27.06.2024

Research needs you

Researcher Paula Martínez (right) with CNIO friend Ana Mª Callejón. / Laura M. Lombardía. CNIO Researcher Paula Martínez (right) with CNIO friend Ana Mª Callejón. / Laura M. Lombardía. CNIO

Individuals, associations and companies that support cancer research through the 'Friends of CNIO' programme have the chance to visit young researchers, recruited thanks to their contributions, at the Friends of CNIO Day.

100% of donations made to the Friends of CNIO programme are used to recruit cancer researchers, thus contributing to the goal of attracting and retaining talent.

CNIO Friend's Day group picture

“Your generosity has allowed me to return to Spain with my family and put here into use what I have learned over my five years in the United States,” Clara Reglero, a researcher at the National Cancer Research Centre (CNIO), said during the Friends of CNIO Day, at which the Centre welcomes donors from its philanthropic programme.

Reglero was the last of seven young people who spoke on this day, explaining their research to their benefactors. All their contracts are financed by ‘Friends of CNIO, “the initiative we started in 2014 to retain and attract talent to CNIO, which is what we consider most important right now” explained Maria A. Blasco, scientific director of the centre.

Through this programme, CNIO appeals directly to those who want to support cancer research in a major international research centre. 100% of the donations are used to recruit young researchers, with a total of 37 so far.

More and increasingly diverse donors

While the International Agency for Research on Cancer (IARC) forecasts a 47% increase in the global prevalence of cancer over the next two decades, the initiative’s regular donors have also “been increasing in number and variety” says Jessica Rose, director of Philanthropy and Development at CNIO.

“They include personal donors, companies, foundations, patient associations, local entities, different generations of the same family… The profiles are very diverse, which is very understandable because cancer affects us all” adds Rose.

From the left: Mª Ángeles Sánchez (CNIO Friend), Maria Blasco, researcher Eva González and  Flor Sánchez (Mª Ángeles’s sister)./ Laura M. Lombardía. CNIO.
From the left: Mª Ángeles Sánchez (CNIO Friend), Maria Blasco, researcher Eva González and Flor Sánchez (Mª Ángeles’s sister)./ Laura M. Lombardía. CNIO.

Visiting research facilities and listening to scientists in person

Once a year, CNIO welcomes its donors, who can visit several research groups and meet in person the scientists who have been recruited thanks to their contributions.

On this occasion María Martínez, Lluís Cordón, Carolina Villarroya, Isabel Espejo (Friends of CNIO – La Roche-Posay Contract), Mikhail Chesnokov and Macarena Pozo –in addition to Clara Reglero– explained how they are investigating the molecular mechanisms involved in cancer, the factors that contribute to its aggressiveness, to metastases or to drug resistance; also, how to create animal models to study cancer, how to diagnose earlier, or which molecules to target with new drugs.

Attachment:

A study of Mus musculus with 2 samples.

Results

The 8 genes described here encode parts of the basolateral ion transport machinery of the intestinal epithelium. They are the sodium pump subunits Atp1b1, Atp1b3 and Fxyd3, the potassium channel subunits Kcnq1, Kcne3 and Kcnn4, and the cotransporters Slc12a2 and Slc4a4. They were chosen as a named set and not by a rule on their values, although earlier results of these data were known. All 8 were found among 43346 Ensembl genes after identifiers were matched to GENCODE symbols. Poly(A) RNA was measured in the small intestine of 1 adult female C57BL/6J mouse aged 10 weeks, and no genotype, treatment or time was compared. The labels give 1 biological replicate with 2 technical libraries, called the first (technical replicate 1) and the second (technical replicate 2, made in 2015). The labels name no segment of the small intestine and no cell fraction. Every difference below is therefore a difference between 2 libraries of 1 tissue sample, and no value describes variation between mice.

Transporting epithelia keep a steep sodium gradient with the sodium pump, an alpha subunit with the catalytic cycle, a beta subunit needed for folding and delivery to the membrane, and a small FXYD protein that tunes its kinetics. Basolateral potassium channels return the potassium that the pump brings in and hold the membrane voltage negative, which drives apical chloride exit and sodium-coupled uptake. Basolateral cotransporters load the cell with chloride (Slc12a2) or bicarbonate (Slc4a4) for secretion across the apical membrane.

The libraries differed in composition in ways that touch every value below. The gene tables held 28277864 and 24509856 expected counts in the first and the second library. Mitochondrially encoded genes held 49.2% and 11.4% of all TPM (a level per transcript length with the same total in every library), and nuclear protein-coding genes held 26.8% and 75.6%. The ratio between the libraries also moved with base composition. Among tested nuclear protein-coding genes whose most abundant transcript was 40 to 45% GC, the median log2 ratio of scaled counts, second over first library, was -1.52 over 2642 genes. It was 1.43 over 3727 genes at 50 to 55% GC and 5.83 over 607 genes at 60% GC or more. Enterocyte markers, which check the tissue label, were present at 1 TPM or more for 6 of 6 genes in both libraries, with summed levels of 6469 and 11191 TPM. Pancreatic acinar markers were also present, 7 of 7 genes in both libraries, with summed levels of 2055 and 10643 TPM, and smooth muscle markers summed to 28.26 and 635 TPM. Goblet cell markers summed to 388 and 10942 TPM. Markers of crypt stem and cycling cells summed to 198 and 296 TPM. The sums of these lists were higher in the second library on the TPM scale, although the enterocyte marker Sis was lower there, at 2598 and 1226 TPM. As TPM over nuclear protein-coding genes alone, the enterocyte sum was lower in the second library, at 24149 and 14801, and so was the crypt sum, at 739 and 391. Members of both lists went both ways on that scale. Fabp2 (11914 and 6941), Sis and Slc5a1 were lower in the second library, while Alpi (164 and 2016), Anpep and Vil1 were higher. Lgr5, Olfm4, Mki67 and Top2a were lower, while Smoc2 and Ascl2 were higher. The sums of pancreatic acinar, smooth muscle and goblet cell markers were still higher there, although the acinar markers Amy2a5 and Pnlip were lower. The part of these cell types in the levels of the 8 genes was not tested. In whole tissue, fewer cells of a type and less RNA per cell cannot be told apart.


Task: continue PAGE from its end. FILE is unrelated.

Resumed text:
Excitement, contributions and hope

And there was also room for several CNIO friends to talk about why they decided to join the programme. Gema Mazón Gutiérrez (in the centre of the photo with Jasminka Boskovi) was moved by “the excitement of contributing to the advancement of research into a disease that has had a great impact on my family.”

“Being a friend of CNIO has given me joy and pride,” she added, “it has put me in contact with the most advanced research and the link between science and art, philosophy and nature. I am proud to find out about the progress you are making and also see your efforts to support the work of women scientists and young people and to communicate the best science to the public. Your work fills me with hope.”

Isabel Castillejo and Leonor Prieto, from L’Orèal España, recalled that “we are united by the common goal of more research, less cancer, since research is the fundamental key to advancing treatments and beating it”.

Members of the Solidarity Committee from Brother Iberia stated: “we are aware that cancer is a very widespread disease (who among us doesn’t have a relative or an acquaintance who has suffered from it?), so we believe that the best way to fight this disease is to promote research. When we learned about the extensive work and impact of CNIO’s advances in the fight against cancer, we decided to do our bit and contribute to its work of promoting innovative cancer research programmes for the benefit of cancer patients and their relatives.”

This event was once again attended this year by members of Fundación Domingo Martínez, which supports Yurena Vivas’s research into cancer and the tumour microenvironment.

Pilar Basurco attended with her daughter Cecilia (both in the photo below), who studies Biology: “We come for the second time. I’m a CNIO Friend to support research, which I think is important. And I am especially enjoying the so many young people around, which is wonderful.”